New Website Documents Abuse Allegations against Philly Priests
By David Chang
January 23, 2013
[The Philadelphia Archive - BishopAccountability.org]
The Philadelphia Archive from watchdog group Bishop Accountability, has posted 195 pages from the file of convicted former priest Edward Avery.
Several months after the conviction of Msgr. William Lynn, a new website has been launched featuring files that were used as evidence during his child-endangerment trial last year.
The Philadelphia Archive from watchdog group Bishop Accountability, has posted 195 pages from the file of convicted former priest Edward Avery. The website plans to post more documents each month until they have a 5,780 page collection online.
The website states the following:
These documents, which became public when they were entered into evidence at the 2012 trial of Msgr. William J. Lynn and Rev. James J. Brennan, offer a rich sample of the archdiocesan files that formed the basis of the work of three Philadelphia grand juries. Those men and women were impaneled under District Attorneys Lynne Abraham and Seth Williams, and the reports that they produced in 2003, 2005, and 2011 are the gold standard of investigative work on the Catholic abuse crisis in the United States.
The 2005 Philadelphia Grand Jury Report in particular is remarkably comprehensive, dealing in an integrated and forceful way with aspects of the crisis that are too often examined in isolation. The abuse itself is described in harrowing and meticulous detail. But the report also studies the mismanagement of the crisis and the cover-up of the abuse, and it clearly explains the holes in current secular law that sometimes make it difficult or impossible to punish abusers and enablers.
In a remarkable essay for the National Catholic Reporter, Michael Newall shows the level of engagement that this work required, and the toll that it took. Lastly, the 2005 report demonstrates that the abuse crisis cannot be understood without drawing on many sources of information – long conversations with survivors, and work with priests who are willing to help, and hundreds of hours spent in the archives, poring over assignment histories, memos, letters, and intake reports.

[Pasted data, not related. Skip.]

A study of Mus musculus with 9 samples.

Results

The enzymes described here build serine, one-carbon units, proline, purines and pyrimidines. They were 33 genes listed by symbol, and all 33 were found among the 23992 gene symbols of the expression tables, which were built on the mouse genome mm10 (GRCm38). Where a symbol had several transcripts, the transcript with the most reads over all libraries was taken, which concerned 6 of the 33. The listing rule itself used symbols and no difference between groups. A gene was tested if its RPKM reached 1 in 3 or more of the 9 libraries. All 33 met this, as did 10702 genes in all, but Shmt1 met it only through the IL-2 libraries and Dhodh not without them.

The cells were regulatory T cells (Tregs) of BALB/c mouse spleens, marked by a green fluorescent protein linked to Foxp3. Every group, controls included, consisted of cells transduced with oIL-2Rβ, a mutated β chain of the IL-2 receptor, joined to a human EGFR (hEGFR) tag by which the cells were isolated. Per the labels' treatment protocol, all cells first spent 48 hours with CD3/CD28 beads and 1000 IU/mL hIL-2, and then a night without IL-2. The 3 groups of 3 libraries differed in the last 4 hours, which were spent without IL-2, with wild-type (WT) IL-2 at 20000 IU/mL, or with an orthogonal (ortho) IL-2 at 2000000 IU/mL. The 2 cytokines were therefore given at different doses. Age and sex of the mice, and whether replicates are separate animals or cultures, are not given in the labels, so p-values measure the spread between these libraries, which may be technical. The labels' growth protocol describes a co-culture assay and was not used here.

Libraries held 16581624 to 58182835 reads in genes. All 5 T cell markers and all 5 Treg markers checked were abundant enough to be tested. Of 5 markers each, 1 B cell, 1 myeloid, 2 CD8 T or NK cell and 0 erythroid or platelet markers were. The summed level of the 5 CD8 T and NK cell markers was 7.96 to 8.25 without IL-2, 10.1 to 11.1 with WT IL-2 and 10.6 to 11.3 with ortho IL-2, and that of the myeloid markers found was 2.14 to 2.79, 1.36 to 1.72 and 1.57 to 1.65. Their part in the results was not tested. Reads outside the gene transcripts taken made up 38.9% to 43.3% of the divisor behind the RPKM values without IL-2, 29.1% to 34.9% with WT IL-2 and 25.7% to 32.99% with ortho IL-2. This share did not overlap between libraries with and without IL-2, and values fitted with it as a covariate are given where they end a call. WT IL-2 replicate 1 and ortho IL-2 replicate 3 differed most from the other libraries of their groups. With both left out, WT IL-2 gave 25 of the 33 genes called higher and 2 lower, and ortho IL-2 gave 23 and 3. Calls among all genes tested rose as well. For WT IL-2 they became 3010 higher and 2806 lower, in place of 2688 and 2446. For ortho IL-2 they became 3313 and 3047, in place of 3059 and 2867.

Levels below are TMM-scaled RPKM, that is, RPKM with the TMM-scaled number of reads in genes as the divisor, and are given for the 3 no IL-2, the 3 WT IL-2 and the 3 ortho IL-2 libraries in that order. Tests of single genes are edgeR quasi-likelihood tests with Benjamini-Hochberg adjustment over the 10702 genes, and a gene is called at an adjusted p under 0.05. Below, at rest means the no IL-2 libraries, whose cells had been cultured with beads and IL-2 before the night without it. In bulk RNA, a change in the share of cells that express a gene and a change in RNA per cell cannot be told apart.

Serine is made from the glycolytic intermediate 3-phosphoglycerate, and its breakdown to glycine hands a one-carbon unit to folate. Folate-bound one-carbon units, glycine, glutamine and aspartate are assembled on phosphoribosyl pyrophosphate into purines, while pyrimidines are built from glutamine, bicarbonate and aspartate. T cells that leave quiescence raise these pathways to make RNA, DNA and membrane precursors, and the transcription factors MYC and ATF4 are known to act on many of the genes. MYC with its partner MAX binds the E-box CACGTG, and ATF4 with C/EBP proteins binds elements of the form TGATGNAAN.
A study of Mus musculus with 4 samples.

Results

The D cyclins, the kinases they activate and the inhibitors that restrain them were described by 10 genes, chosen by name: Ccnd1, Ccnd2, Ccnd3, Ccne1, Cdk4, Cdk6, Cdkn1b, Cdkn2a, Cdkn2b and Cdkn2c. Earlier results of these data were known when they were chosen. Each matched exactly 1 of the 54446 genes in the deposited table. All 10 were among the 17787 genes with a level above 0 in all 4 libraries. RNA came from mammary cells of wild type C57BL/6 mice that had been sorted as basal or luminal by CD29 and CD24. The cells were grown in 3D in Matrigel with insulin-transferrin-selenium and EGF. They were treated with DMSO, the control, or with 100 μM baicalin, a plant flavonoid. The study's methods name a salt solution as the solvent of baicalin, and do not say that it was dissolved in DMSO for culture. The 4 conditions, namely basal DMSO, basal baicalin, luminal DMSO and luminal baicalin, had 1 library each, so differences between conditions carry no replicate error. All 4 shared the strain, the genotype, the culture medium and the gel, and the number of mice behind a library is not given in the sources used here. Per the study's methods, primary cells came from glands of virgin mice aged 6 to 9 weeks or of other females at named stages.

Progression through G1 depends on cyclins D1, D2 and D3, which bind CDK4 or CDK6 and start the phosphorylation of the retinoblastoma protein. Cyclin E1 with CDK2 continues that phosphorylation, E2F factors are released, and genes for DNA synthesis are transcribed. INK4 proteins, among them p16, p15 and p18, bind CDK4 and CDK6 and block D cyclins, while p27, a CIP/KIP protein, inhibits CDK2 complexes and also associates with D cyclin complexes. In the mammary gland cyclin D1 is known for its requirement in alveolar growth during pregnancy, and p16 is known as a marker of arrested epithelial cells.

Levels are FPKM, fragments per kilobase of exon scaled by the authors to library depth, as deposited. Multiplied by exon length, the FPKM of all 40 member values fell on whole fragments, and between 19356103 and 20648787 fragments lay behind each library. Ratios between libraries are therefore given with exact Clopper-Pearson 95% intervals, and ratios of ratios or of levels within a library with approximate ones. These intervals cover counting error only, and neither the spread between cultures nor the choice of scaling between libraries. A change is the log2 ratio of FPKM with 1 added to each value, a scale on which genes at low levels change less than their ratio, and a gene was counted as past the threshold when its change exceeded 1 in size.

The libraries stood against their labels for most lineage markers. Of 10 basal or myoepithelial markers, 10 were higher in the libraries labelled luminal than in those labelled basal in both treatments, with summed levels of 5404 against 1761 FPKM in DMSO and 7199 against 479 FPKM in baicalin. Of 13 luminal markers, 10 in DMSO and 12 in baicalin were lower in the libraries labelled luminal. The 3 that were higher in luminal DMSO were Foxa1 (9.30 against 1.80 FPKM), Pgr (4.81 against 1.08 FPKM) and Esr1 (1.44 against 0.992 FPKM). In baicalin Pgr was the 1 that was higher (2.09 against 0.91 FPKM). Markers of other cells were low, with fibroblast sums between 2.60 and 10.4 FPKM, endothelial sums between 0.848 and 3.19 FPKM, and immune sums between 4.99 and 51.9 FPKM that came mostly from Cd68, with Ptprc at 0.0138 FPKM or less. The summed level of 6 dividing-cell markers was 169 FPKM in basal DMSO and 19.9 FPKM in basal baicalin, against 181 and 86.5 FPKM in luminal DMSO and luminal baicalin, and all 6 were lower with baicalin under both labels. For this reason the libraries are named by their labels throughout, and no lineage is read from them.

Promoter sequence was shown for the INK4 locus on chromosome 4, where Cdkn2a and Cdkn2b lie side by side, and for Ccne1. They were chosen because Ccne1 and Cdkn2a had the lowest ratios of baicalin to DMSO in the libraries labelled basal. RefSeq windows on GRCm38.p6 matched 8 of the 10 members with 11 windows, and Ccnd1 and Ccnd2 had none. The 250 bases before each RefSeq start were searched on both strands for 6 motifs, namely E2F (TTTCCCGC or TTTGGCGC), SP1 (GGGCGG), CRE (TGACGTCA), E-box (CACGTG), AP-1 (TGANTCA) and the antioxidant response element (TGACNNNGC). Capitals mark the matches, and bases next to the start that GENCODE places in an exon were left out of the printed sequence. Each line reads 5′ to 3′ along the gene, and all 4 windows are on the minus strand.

It is that kind of reading and immersion that we invite you to do in this archive. Reading these documents will be difficult, but you will gain from the experience a deep understanding of the culture within which the abuse was done and kept secret. You will emerge with a haunting sense of the harm for which the abusers and enablers are responsible, and the courage of the survivors and their families and loved ones.
The Avery file was posted to the internet on January 22, 2013. Improvements to the presentation of the Avery file will continue for several days, and the most recent updates and changes to the Philadelphia Archive will be noted here. If you'd like to receive announcements when we add priest files to this archive, please subscribe to our Monitor newsletter, which will be sent twice a month.
We have redacted the name of the Avery survivor whose story is partly told in these documents, as well as the names of his family members and friends. We have also redacted the names of Avery's family members. If you notice a missed redaction or a name or detail that you believe should be redacted, please email us, putting Philadelphia Archive in the subject line, and we will correct and improve the archive accordingly. We welcome your general feedback too.
The Avery file is presented in the chronological order of the exhibits as they were introduced at the Lynn trial. Sometimes a single exhibit includes several documents. The table that you see below was created by the prosecutors. We have converted it to web format, and linked it to the documents, exhibit by exhibit, using the C-1, C-2, etc. exhibit numbers. We've added bolding to the exhibit list, so that it's easier to see who is writing each document and to whom. Sometimes we use red to make other details easier to see. If we add factual information, we put it in curly brackets, so that you can see which contributions are ours. But we want the list and the documents to speak for themselves.